Two years ago when the state’s texting while driving law took effect, many Pennsylvanians knew it was flawed. In fact, when the Legislature passed the bill we called it “half a loaf.”
Maybe the Post-Gazette was being too generous.
By April 2014 everyone has seen the law in action but no one, it appears, seems ready to say it is effective. The law aimed at distracted driving has done little to curb the big distraction — using hand-held cell phones for calls while operating a motor vehicle.
What the statute outlawed was sending, receiving or reading a text message while driving. Since it is a primary offense, police may pull over a motorist when they suspect this violation alone; it need not be accompanied by other offenses. Drivers found guilty are eligible for a $50 fine.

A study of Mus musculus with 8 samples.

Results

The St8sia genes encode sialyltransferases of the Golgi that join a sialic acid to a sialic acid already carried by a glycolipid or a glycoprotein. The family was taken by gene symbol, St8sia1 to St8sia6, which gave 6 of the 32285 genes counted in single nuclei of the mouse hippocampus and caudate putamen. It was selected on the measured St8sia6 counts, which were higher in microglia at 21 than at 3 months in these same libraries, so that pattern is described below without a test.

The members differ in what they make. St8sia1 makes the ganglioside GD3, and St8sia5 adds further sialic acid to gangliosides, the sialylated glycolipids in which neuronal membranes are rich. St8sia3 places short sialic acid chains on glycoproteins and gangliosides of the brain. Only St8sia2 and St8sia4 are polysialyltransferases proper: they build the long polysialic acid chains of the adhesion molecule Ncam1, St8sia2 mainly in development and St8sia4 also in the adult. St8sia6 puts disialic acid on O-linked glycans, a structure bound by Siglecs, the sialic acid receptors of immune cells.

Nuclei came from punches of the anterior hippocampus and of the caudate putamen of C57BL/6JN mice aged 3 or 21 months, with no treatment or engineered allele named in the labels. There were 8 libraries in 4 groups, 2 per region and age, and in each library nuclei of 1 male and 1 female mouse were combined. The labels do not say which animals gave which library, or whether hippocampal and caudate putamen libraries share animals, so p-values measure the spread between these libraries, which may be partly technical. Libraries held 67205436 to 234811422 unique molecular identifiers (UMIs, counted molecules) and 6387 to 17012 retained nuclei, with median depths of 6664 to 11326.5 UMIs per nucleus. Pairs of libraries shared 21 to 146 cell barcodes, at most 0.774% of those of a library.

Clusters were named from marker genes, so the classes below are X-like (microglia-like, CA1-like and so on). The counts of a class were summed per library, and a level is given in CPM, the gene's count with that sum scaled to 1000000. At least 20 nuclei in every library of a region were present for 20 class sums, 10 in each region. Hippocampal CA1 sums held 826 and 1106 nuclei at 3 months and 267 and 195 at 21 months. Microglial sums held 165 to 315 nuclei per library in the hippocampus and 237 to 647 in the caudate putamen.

The problem, as reported Monday by the Post-Gazette’s Jon Schmitz, is officers have a difficult time telling if motorists are texting, which is illegal, or accessing a phone number, which is not. As a result, only 251 citations have been written in Allegheny County since the law’s inception — about 10 per month. Yet a person can stand at a Downtown intersection and see more than that many drivers ride by, cell phone in hand, in 30 minutes.
The law seems almost booby-trapped to impede enforcement. Police are not permitted to look at a driver’s phone during a traffic stop to see if it was used for a text and, although texting is banned while a car is moving, it is permitted while stopping, say, for a red light.
We knew it from the start, but we’re more convinced than ever that the only way to end the hazards of distraction due to hand-held cell phones is to forbid their use while driving. Senate Bill 1289, which was introduced last month, would do that, without limiting hands-free calling by drivers age 18 and older.
That’s the road the Legislature needs to travel to replace this bad law with something good.